Daniel Rappaport. A nation-wide movement promoting bystander intervention and a culture of nonviolence arrives at AU.

Photo by Patrick Bradley.

Green dots are popping up everywhere lately. They’re on campus posters, they’re all over Facebook and Twitter, and they're almost always paired with the phrase “What’s your green dot?”

So what’s it all about, then?

Daniel Rappaport, sexual assault prevention coordinator for the Wellness Center, is a driving force behind the nationwide movement’s arrival at AU. He explains the campaign’s goal to end power-based violence and promote bystander intervention.

“Red dots are those instances where you see that something might be wrong, whether it is or not, and something bothers you about that,” he says. “A green dot is any word choice, behavior, conversation, that promotes or expresses a clear intolerance for any form of violence and promotes a culture of safety.”

Senior Nate Bronstein is part of the AU chapter of Men Can Stop Rape, a group that advocates for an end to violence against women. He’s happy to see the Green Dot movement on American’s campus, which he believes is the perfect place for a culture of nonviolence to thrive.

“The cool thing about this campaign is it’s really not supposed to be an awareness campaign so much as an action campaign,” he says, “which I think speaks very well to the culture of AU because we’re a culture not just having ideas but turning those ideas into action. This exemplifies that.”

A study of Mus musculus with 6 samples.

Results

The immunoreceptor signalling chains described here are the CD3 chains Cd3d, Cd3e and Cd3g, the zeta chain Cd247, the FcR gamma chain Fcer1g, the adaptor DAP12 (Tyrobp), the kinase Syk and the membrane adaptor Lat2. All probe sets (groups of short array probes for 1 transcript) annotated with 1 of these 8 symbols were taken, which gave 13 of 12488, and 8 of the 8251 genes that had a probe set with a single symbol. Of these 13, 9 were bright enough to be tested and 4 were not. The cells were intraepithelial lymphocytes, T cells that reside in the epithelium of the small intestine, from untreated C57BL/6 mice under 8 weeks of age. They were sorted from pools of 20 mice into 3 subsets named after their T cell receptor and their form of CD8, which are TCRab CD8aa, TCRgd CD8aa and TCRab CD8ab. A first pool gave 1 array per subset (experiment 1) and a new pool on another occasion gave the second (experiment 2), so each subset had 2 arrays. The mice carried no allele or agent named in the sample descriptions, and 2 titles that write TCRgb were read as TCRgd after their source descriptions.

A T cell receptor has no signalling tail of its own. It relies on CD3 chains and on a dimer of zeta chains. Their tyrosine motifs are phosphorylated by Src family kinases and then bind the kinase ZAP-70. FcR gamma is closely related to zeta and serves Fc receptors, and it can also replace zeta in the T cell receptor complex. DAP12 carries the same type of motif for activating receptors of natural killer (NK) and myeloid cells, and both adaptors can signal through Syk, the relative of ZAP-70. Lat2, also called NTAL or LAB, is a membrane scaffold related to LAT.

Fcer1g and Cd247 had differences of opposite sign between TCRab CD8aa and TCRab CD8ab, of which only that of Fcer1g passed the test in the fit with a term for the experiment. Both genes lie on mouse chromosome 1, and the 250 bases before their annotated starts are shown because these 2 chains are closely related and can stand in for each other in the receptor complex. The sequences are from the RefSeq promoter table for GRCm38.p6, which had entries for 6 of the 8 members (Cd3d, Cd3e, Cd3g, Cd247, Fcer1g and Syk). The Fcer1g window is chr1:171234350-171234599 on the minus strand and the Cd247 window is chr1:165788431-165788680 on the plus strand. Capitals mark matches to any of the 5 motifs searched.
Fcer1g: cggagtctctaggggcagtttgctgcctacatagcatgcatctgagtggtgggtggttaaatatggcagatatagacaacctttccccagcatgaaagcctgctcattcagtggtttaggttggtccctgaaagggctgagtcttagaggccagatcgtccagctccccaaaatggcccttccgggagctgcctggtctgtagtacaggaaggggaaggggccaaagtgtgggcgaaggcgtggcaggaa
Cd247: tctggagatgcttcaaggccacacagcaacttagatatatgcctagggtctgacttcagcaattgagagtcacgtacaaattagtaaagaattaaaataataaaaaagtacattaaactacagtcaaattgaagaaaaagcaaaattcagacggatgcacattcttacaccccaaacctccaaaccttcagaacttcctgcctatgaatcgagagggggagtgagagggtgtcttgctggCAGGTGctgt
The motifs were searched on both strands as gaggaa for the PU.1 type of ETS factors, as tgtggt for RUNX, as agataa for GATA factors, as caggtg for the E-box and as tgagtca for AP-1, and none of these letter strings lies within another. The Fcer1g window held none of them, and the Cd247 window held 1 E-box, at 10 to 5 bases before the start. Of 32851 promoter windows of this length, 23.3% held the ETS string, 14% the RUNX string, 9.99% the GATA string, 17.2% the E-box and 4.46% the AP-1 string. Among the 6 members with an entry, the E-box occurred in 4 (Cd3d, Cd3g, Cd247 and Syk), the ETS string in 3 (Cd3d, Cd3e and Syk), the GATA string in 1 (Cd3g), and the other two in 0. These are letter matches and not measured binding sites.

To promote action on campus, Rappaport and the Wellness Center are reaching out to various campus organizations – from Student Government and its Women’s Initiative department to the university’s Residence Hall Association – as well as students like Bronstein to get the word out on Green Dot.

The Wellness Center will also be giving talks, educating through social media, and leading Green Dot bystander intervention trainings for student groups – the next of which will take place on March 25th. The campus will see outreach increase in April to underscore Sexual Assault Awareness Month.

Even though most of the major promotion still lies ahead, Bronstein – who looks to further the campaign on a daily basis – has already noticed a change in students at AU.

“In one case, I did a green dot, and one other person came over to help out. I had never met this person in my life, and she mentioned she was trying to do a green dot,” he says. “So, already it’s gotten a lot of traction. Students are talking about it and beginning to follow through.”

Rappaport is quick to point out that the Green Dot movement reaches far beyond AU’s campus to universities and communities across the nation. He hopes that AU will do its part to help create a nation where green dots eventually outnumber the red. What the campus community does here will affect not only AU but also the greater national picture, and that is what Green Dot is all about.

“Creating a community of Green Dot makes everyone safer. To me, that’s the most important part,” he says. “When we’re bystanders for someone we don’t know, that person is someone else’s loved one as well. It can save lives, honestly. It’s really creating that culture, one green dot at a time. It’s no one’s job to do everything, but if everyone does something, the culture will change.”


To "like" AU Green Dot on Facebook, click here.

Follow AU Green Dot on Twitter: @AUGreenDot.